What's going on?
Friday’s jobs report showed that the US added just 75,000 jobs in May – less than half the number expected.
What does this mean?
The healthcare sector nursed 16,000 new jobs, and professional and business services (like lawyers and researchers) added 33,000. Jobs in retail, manufacturing, and working for Uncle Sam didn’t grow by much – nor did those in construction, breaking for a Ploughman’s lunch after building over 215,000 new roles in the last year. Average wages grew 3.1% higher than the same time last year – slower than in April and shy of forecasts. This probably wasn’t a total surprise: data on Wednesday showed that the private sector added only 27,000 jobs in May – the fewest since 2010 and well below the 185,000 expected.
Why should I care?
For markets: Get to work, Fed.
US employers have added an average of 164,000 jobs per month in 2019, compared to 223,000 last year. And the slowest rate of hiring in three months may suggest the economy is now losing steam (tweet this). With the unemployment rate at a 50-year low, wage growth should be speeding up rather than slowing down as companies usually boost remuneration to lure workers from their current jobs. It’s the US Federal Reserve’s job to keep both inflation and employment stable; Friday’s data may bolster most investors, who think the Fed will now lower interest rates to sustain economic growth.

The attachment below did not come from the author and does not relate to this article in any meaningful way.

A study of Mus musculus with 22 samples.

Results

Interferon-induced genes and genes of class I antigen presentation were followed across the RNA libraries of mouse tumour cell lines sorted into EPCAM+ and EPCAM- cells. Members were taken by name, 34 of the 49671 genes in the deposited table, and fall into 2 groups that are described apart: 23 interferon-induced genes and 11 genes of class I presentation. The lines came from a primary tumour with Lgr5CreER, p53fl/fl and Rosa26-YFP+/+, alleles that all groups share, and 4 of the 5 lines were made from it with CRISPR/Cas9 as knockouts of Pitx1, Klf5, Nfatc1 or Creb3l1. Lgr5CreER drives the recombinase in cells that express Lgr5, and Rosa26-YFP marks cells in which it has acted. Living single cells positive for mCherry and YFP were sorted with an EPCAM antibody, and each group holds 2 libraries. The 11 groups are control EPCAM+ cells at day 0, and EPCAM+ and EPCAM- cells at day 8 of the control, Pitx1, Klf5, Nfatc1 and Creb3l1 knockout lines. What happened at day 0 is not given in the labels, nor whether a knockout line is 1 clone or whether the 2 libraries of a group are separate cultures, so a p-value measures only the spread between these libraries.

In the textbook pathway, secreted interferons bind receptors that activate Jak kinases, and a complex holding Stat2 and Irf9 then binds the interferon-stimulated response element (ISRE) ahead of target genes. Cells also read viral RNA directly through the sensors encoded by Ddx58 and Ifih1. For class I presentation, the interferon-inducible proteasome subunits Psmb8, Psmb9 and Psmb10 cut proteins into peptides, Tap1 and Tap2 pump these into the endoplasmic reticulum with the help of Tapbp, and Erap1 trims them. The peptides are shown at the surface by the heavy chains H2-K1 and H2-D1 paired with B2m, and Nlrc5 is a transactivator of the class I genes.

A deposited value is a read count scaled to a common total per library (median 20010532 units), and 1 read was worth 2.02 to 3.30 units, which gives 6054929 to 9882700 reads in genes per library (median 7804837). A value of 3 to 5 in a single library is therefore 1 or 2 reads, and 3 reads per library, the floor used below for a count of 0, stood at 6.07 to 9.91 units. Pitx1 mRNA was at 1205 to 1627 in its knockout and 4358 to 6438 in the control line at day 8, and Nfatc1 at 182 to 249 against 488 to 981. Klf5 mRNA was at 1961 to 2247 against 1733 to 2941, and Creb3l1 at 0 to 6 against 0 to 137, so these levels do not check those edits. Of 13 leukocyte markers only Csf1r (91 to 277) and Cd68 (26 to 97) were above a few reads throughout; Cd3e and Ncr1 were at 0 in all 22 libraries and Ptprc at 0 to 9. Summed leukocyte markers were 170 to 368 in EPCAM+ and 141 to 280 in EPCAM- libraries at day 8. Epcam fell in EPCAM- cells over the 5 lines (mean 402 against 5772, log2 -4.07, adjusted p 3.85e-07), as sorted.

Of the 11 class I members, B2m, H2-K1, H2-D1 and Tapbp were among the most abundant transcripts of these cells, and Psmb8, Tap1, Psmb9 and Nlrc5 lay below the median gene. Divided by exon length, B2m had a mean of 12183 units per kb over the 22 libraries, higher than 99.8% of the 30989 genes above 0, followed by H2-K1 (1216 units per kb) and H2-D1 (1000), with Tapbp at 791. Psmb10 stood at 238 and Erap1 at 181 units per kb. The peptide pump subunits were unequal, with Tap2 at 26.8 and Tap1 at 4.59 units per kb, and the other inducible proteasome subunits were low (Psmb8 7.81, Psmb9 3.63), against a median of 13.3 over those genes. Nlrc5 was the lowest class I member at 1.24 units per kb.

For you personally: It’s not all about the money.
US job confidence is at an all-time high – although job availability is now perhaps low. That could be down to a mismatch between what companies are offering and what workers want: millennials, for example, value flexibility over money. And several employees – 48% of baby boomers and 30% of millennials – care more about a job’s purpose than its paycheck, which might also partly explain lower-than-expected US wage growth.